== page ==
Top-up your pension for half the price of an annuity
A new state pension top-up scheme will allow pensioners to buy an extra £25 a week of state pension from next year, for around half the price of an annuity.
The scheme will be available from October 2015 for existing pensioners and those who reach state pension age before 6 April 2016 - women now aged 61 or over, and men aged 63 or over.
It will help those who would otherwise have been excluded from the £144-a-week single-tier state pension, due to be introduced in April 2016. The single-tier arrangement will join together the existing basic state pension and the Second State Pension into one simple payment.
The pre-April 2016 pension system comprises a basic state pension of around £110 per week, and then an additional state pension is not available to everyone.
"The government recognises that many pensioners feel rather aggrieved about being excluded from the new state pension system and is giving them a chance to achieve higher future state pension payments," says independent pensions expert Ros Altmann.
The top-up scheme was first announced in the chancellor's autumn statement last year, but today the Department for Work and Pension (DWP) has defined the new legislation.
Savers can gain the extra pension by paying 'Class 3A' voluntary national insurance contributions. The maximum amount that contributions can provide will be £25 per week. The scheme will only be available for 18 months from October 2015.
"This is another bold action in how we build a stronger economy through choice in retirement income," says pensions minister Steve Webb.
"The scheme will give [pensioners] a guaranteed, index-linked return and will be particularly attractive for women pensioners who will draw the higher pension for longer [because they have longer life expectancy]. It will also help the self-employed, who currently qualify for only the basic state pension."
How much do you need to contribute?
As an example of the new scheme, the DWP sets out the contribution needed for a top-up of £1 per week. A 65-year-old individual would need to pay £860 as a lump sum to get a £52 a year top-up.
The contribution decreases with age, so for a 70 year old the rate per extra £1 a week reduces to £779, and by age 75 it is down to £674.
The maximum top up for a 65 year old is £22,250, which would provide them with an extra annual income of £1,300 a year for life.
As with the existing additional state pension, these figures will be increased in line with inflation and the top-up payout will be partially inheritable on death.
According to Laith Khalaf, head of corporate research at Hargreaves Lansdown, the scheme looks generous compared to current annuity rates.
"It is an olive branch from the government to those who retire before the new single-tier state pension is introduced in 2016," he says.
Altmann is equally enthusiastic. For a 65 year old, she says, the rate for an inflation-linked joint life annuity is around 2.9 per cent, so buying the equivalent of the maximum £25 a week top-up would cost around £45,000 instead of £22,250.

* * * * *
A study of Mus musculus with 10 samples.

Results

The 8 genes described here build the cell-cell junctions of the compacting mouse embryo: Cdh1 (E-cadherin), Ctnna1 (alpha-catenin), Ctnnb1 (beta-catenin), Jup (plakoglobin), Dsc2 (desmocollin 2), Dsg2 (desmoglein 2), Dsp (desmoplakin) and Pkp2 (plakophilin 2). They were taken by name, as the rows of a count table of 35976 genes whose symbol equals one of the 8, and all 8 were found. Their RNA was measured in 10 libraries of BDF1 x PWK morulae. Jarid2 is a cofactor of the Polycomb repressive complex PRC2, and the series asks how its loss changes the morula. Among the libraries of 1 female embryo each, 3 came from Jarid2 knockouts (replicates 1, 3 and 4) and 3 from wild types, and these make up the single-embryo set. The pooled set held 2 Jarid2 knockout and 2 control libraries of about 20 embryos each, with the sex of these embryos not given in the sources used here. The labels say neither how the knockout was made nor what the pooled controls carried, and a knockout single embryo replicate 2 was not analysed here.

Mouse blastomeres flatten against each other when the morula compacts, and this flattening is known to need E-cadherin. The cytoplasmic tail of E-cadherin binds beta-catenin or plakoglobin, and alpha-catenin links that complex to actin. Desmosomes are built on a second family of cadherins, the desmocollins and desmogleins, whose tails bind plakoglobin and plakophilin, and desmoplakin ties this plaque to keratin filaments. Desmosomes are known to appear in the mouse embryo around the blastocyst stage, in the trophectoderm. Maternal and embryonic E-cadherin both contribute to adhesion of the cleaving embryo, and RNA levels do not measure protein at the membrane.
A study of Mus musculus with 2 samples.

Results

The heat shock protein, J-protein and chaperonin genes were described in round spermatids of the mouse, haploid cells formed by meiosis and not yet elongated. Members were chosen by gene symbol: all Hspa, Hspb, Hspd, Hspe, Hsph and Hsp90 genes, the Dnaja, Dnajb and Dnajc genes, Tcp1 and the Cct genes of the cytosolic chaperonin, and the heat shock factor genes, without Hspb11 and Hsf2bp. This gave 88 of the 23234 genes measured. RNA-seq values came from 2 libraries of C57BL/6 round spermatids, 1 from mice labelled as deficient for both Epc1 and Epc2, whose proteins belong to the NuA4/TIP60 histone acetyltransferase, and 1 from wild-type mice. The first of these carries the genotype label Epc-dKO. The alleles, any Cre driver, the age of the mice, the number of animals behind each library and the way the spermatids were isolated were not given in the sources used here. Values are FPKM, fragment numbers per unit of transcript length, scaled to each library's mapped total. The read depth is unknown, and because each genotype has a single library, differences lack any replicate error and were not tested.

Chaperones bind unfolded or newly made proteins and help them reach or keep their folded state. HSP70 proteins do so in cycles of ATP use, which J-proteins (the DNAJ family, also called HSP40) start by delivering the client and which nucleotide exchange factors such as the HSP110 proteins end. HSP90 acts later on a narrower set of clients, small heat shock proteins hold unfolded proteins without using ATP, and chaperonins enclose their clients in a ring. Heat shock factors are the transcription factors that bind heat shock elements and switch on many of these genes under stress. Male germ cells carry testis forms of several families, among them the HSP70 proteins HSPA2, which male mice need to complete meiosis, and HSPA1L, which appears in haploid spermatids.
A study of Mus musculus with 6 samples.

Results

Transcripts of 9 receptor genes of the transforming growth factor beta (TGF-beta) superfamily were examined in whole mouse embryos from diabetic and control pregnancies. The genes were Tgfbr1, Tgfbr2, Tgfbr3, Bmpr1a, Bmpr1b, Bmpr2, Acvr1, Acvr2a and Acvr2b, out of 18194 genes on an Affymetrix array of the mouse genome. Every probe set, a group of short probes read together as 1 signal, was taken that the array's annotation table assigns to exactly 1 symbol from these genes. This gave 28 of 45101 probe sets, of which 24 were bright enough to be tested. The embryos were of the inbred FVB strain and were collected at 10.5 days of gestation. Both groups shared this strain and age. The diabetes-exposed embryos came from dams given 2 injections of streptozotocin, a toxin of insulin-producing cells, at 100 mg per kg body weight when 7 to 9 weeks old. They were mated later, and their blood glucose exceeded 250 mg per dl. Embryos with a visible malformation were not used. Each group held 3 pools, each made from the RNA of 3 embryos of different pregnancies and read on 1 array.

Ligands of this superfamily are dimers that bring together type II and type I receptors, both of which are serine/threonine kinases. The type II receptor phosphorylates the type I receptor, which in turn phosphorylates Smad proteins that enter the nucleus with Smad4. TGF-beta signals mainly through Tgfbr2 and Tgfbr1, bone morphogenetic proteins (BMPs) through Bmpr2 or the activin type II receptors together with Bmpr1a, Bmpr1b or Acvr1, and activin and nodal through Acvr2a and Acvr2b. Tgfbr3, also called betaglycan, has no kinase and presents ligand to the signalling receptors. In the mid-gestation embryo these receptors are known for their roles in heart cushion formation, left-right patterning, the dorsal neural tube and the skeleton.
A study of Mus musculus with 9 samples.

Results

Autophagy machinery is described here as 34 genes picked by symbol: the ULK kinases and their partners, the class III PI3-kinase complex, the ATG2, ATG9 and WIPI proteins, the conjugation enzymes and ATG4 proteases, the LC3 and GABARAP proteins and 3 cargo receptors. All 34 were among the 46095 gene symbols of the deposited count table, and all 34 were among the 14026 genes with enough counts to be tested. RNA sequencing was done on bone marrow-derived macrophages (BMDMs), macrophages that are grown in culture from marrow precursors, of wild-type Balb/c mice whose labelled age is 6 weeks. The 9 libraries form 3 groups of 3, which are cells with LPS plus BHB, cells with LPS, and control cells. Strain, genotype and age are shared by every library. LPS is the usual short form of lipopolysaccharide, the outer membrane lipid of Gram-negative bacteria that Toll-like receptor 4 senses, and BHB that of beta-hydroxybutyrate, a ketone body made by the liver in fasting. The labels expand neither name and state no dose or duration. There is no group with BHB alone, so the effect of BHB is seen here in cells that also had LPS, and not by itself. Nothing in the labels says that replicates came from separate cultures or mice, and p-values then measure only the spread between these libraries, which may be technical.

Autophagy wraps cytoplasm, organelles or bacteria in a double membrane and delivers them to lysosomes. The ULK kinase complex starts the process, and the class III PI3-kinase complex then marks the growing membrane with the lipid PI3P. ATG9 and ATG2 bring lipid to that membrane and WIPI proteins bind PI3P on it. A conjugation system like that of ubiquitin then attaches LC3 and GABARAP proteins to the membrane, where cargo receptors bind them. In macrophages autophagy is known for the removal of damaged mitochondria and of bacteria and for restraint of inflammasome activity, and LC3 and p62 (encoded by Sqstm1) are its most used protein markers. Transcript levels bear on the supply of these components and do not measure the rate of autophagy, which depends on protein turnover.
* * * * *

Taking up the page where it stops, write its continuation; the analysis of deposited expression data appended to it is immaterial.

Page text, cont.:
"Relative to the private annuity market, this seems a very good deal for many people," she says. "The price of buying these extra state pension rights has been set at about half the cost of buying an inflation-linked joint life annuity in the open market."
To help savers work out how much they need to contribute to boost their state pension provision, the government has launched on online calculator.
A scheme originally established in 1944 to provide protection against sickness and unemployment as well as helping fund the National Health Service (NHS) and state benefits. NI contributions are compulsory and based on a person’s earnings above a certain threshold. There are several classes of NI, but which one an individual pays depends on whether they are employed, self-employed, unemployed or an employer. Payment of Class 1 contributions by employees gives them entitlement to the basic state pension, the additional state pension, jobseeker’s allowance, employment and support allowance, maternity allowance and bereavement benefits. From April 2016, to qualify for the full state pension, individuals will need 35 years’ of NI contributions.
An increase in the general level of prices that persists over a period of time. The inflation rate is a measure of the average change over a period, usually 12 months. If inflation is up 4%, this means the price of products and services is 4% higher than a year earlier, requiring we spend and extra 4% to buy the same things we bought 12 months ago and that any savings and investments must generate 4% (after any taxes) to keep pace with inflation. Since 2003, the Bank of England has used the consumer prices index (CPI) as its official measure of inflation (see also retail prices index).
In exchange for any lump sum – usually your pension fund – an annuity is “bought” from an insurance company and provides an income for life. When you die, the income stops. Annuity rates fluctuate daily and depend on your sex (although from 21 December 2012 insurers will no longer be able to use gender as a factor when calculating annuities), age, health and a number of other factors, so you have to pick the right one and, once bought, its terms cannot be altered, so seek financial advice.